It is my personal belief that you must know and understand the limitations of your products, business and skills to be successful in any trade, but most especially in the polished concrete industry. Each job brings a unique set of challenges to the polishing process. Understanding what concrete is, how it is placed, and the many variations that can take place from region to region are just a few of the crucial steps when specifying or contracting. Often, the customer is sold a product from a picture and doesn’t understand the complex issues involved in making that product materialize. Although our industry parallels the wood flooring and natural stone trades, we are not dealing with a manufactured product. Each project is hand-crafted on-site and goes through many environmental and mechanical challenges before the end.
While we may not be able to control many of the variables related to concrete and the polishing process, we are able to expand our threshold of personal and business limitations. We do this every day by learning from either our own mistakes or those made by others (and some can be rather costly!). Gaining knowledge from reputable resources is always a valuable investment. Networking with other contractors and getting feedback on major issues and processes can also be extremely valuable.
The Concrete Polishing Association of America strives to fill this void in our industry. We are constantly looking at ways to better inform the contractor, architect, designer, general contractor and consumer of the benefits and limitations associated with polished concrete. We offer monthly training classes that go far beyond the basics and help teach the mechanics of the polishing process. This equips the mechanic with the knowledge to adjust to the changing variables at the job site. We have also accumulated a glossary of terms to assist with communication and understanding of the products and processes.
But that is just one aspect of what the CPAA is doing for the industry. As a business owner and polishing contractor, it is comforting for me to know that there is an independent, nonbiased organization that shares my concerns at the job site. What I mean by that is this: With the onset of “industry standards” involving procedures and methods, I don’t just have Mr. I.E. Smith (I.E. stands for Internet-educated) trying to tell me, the trained professional, how to polish a floor. Instead, I have a general procedural outline to follow, designed by other quality contractors who have been through the turmoil and job-site issues and emerged on the other side wiser and willing to share their experience. I also have a formal organization to refer to when there are questions concerning job-site procedures. The CPAA is a resource for architects, general contractors and polishing contractors to alleviate job-site practices that are detrimental to the polished concrete industry and/or the final product for the customer. The common goal of the CPAA and the contractor is to ensure the customer gets the best quality possible and the final product is properly processed to offer exceptional performance.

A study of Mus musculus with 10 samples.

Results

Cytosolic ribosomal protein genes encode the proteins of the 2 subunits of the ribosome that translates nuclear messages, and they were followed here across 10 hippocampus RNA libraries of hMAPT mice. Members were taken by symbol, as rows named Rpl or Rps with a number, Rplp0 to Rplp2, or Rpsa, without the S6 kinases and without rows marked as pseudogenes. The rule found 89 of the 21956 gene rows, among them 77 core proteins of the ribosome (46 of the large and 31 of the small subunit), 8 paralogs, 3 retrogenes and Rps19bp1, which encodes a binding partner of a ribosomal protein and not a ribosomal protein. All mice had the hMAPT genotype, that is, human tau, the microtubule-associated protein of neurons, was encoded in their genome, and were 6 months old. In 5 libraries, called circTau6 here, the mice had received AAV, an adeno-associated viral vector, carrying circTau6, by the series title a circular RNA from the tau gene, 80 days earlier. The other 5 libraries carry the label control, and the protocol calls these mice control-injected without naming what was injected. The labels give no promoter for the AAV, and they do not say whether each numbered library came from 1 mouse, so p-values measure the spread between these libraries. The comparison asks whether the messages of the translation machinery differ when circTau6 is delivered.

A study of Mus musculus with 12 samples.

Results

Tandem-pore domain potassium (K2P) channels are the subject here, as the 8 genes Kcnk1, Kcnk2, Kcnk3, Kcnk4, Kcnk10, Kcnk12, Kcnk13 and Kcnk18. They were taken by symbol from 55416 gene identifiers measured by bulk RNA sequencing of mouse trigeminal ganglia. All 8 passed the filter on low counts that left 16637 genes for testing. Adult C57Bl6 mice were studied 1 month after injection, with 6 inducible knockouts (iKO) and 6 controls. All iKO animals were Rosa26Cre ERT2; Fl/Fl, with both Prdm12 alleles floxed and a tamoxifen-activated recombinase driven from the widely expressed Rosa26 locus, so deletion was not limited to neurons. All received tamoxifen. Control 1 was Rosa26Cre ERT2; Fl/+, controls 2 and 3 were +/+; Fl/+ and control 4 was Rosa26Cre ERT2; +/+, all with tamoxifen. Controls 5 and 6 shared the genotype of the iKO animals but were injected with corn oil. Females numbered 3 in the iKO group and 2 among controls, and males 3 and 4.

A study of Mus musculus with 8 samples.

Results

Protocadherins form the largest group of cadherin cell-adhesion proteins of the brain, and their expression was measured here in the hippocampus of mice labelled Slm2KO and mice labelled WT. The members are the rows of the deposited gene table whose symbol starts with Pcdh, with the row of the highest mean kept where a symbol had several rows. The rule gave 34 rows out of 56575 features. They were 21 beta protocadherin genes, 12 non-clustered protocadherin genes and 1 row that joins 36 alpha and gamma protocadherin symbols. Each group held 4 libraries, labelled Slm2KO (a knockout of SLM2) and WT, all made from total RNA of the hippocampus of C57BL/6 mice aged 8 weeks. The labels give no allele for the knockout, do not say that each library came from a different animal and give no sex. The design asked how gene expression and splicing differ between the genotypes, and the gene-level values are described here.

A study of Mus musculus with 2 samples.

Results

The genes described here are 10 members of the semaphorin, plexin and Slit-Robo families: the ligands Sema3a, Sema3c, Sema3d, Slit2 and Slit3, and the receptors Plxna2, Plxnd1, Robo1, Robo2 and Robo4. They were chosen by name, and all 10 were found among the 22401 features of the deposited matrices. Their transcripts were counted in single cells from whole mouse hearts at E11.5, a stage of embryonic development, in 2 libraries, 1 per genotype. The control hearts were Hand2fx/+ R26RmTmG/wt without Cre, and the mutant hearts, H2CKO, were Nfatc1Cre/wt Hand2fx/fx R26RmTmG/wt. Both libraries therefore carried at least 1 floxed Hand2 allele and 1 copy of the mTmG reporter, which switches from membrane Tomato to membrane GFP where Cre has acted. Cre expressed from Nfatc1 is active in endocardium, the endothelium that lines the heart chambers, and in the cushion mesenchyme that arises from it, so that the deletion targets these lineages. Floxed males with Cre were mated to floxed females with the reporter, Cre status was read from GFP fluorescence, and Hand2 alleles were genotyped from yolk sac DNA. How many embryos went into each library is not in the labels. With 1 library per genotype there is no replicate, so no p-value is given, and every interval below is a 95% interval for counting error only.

Contractors that I have talked to want to do their best for the customer. Some are better equipped than others in equipment, business practices, talents and experience. But nonetheless, they all want the same thing — a happy customer that will refer them for future work.
I think it’s about time that we combine our efforts and resources to support the CPAA. We need to work together to ensure we have mechanical and ethical standards for everyone to follow. Together, we can ensure that polished concrete will be a viable alternative to traditional floor coverings in the future.
The CPAA is growing to meet the demands of the industry. We have already posted a Commercial New Construction concrete polishing specification on our Web site. Within a few months, we will add Residential New Construction as well as several versions of renovation specifications. Members who want to be a part of leading the industry are urged to roll up their sleeves and pitch in. The CPAA is not an organization for the elite contractor, but it helps the contractor become elite.
Where are we going? We are forging a path for others to follow that will lead to a sustainable industry.
What are we doing? What must be done to ensure the future of our industry. The only other question is, who is willing to help?